Employers Recognize Untapped Talent in the Workforce
October is National Disability Employment Month. This observance has been in place since 1988 to educate the American public concerning issues related to disabilities and employment opportunities.
President Obama released a proclamation earlier in the month stating, “During National Disability Employment Awareness Month, we renew our focus on improving employment opportunities and career pathways that lead to good jobs and sound economic futures for people with disabilities.”
What makes this October even more significant is that it comes during the 20th anniversary of the Americans with Disabilities Act. The ADA has made positive differences both in the workplace as well as society in general. For example, the introduction of entrance ramps, automatic doors, and curb cuts all came as a result of the ADA.. However, during a time when the national unemployment rate is on the rise, so too is that of those with disabilities. The U.S. Department of Labor reports that the unemployment rate for people with disabilities is higher than that of the population as a whole at 16.4% & 9.5% respectively. Many job candidates have degrees and skills but still have difficulties because there is still a stigma in the workplace.
On a positive note, Alternatives, Inc. is doing its part to remove the stigma and improve the employment statistics of people with disabilities through their subsidiary, Bridges to Employment. Bridges offers services to both prospective employees looking for work as well as employers looking for talent. The journey begins with pre-employment evaluation and preparation and goes through job matching and culminates in on-going support once a match is made. They also strive to educate employers to increase understanding of hiring people disabilities.
“We have helped hundreds of people with barriers to employment reach their personal and professional goals as a result of our services. After all, meaningful and gainful work is vital for so many of us. At the same time, we are committed to helping companies large and small satisfy their business needs,” says Glori Bine-Callagy, Director of Bridges to Employment.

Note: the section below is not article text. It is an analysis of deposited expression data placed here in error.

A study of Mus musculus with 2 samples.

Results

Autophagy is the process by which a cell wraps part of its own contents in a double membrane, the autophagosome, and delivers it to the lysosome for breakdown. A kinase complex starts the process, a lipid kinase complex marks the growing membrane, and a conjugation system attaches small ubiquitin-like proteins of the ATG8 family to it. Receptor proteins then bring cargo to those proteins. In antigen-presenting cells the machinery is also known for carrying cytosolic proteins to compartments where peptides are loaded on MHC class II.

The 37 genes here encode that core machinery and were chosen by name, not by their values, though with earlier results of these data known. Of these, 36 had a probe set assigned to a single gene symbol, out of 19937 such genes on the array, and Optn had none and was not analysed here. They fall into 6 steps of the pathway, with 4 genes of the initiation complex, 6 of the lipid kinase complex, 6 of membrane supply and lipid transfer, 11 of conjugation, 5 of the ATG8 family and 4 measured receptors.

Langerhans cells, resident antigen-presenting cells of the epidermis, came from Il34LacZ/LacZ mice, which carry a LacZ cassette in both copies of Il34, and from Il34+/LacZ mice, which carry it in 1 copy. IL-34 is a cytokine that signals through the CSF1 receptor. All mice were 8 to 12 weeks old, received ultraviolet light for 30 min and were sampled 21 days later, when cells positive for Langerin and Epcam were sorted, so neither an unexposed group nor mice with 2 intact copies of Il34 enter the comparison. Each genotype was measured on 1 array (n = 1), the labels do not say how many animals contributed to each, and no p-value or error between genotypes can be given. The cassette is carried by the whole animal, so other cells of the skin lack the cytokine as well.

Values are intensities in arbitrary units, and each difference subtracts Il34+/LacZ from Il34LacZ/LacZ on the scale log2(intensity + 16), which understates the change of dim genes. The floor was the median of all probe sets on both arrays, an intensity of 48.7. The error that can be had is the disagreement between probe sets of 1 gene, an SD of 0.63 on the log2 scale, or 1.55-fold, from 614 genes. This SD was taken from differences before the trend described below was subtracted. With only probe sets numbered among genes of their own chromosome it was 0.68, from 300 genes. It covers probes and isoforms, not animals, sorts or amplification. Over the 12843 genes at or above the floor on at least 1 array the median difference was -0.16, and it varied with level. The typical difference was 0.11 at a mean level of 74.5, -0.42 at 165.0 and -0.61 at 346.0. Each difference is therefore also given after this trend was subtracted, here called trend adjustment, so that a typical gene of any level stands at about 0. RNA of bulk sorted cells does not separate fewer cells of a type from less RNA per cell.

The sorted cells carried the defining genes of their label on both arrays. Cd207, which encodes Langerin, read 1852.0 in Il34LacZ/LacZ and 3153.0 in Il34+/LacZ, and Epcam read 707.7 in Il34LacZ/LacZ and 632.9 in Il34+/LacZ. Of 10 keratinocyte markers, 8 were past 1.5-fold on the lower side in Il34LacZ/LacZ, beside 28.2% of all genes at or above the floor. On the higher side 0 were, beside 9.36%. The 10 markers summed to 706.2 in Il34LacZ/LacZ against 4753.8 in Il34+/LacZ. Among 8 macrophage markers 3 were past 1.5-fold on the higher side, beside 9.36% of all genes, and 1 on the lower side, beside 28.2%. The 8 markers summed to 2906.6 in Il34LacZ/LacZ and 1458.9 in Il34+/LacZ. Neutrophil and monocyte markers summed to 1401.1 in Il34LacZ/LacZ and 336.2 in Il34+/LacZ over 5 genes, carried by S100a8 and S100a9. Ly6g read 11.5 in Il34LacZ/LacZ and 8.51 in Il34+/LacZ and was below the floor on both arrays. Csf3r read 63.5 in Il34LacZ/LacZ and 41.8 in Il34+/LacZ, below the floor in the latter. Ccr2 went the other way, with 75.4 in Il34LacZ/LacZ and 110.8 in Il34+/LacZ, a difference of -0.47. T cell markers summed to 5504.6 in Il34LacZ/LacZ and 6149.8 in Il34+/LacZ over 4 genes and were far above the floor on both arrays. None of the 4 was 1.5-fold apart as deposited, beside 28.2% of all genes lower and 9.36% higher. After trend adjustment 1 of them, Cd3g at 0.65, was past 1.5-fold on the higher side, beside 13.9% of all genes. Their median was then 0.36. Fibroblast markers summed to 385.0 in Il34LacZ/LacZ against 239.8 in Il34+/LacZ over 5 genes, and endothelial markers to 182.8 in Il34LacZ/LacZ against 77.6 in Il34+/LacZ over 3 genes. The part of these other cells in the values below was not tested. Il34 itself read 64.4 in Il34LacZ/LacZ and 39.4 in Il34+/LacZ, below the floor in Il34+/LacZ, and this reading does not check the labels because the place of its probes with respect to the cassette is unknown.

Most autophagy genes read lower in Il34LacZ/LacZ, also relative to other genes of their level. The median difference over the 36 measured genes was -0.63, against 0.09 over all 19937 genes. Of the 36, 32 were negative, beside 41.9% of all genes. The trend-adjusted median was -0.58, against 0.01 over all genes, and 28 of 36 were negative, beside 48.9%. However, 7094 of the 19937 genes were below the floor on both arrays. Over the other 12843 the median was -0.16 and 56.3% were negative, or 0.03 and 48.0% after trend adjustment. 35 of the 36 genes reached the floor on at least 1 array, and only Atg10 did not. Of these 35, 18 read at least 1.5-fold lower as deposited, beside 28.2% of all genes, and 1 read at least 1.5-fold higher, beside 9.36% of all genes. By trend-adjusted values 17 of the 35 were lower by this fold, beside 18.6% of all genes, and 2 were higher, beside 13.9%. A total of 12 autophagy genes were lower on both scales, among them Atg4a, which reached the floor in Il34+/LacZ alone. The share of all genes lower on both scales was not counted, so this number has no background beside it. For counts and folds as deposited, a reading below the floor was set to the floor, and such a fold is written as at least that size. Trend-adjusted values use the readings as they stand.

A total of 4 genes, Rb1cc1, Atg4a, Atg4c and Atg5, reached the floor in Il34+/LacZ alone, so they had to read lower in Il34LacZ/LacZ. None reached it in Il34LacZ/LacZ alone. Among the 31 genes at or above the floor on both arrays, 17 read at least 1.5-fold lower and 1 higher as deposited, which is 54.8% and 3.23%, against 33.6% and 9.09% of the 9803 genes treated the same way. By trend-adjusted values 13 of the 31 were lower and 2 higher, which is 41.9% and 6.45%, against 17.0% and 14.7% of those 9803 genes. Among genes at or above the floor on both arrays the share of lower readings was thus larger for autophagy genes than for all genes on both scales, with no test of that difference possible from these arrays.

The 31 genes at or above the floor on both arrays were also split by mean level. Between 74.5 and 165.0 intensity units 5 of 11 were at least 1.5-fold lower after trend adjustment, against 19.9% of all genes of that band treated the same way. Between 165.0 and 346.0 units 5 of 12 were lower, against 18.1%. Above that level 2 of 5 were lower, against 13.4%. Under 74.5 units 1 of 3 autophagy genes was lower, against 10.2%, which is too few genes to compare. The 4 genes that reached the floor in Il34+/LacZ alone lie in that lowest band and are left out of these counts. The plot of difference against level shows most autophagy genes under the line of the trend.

A new venture to create more awareness of Bridges to Employment’s mission is a retail clothing store that will sell new and used clothing and jewelry, that will see its grand opening by the year’s end. The store, which will be called “It’s all good” will be located on Main Street, in the heart of downtown Somerville. This venture is made possible through a SEED grant from the Division of Vocational Rehabilitation Services and will allow those with disabilities to prepare for the workforce through job sampling and training.
This milestone month also comes one year after Alternatives, Inc. launched The Bridges to Employment Career Development Center. The Center provides vocational assessment, job preparation and help with finding appropriate employment opportunities that match the skills and abilities of Central Jersey residents with varying degrees of hearing loss. The Center also houses one of the five Demonstration Centers in the state for the Division of Deaf and Hard of Hearing (DDHH) where people with hearing loss can learn about the variety of assistive technology options available to them.
Services through the CDC are available to residents of Somerset, Hunterdon, Middlesex, Mercer, Monmouth and Ocean Counties.
For more information about Bridges to Employment or to learn how to donate new and used merchandise to the store, please contact Glori Bine-Callagy at 908- 685-1444 ext. 225/VP: (866) 971-9542 or visit www.bridgestoemployment.com. Based in Raritan, Alternatives provides residential, employment, and support services for individuals with developmental disabilities, mental illness and other special needs. For information on Alternatives, please call 908-685-1444 or visitwww.alternativesinc.org.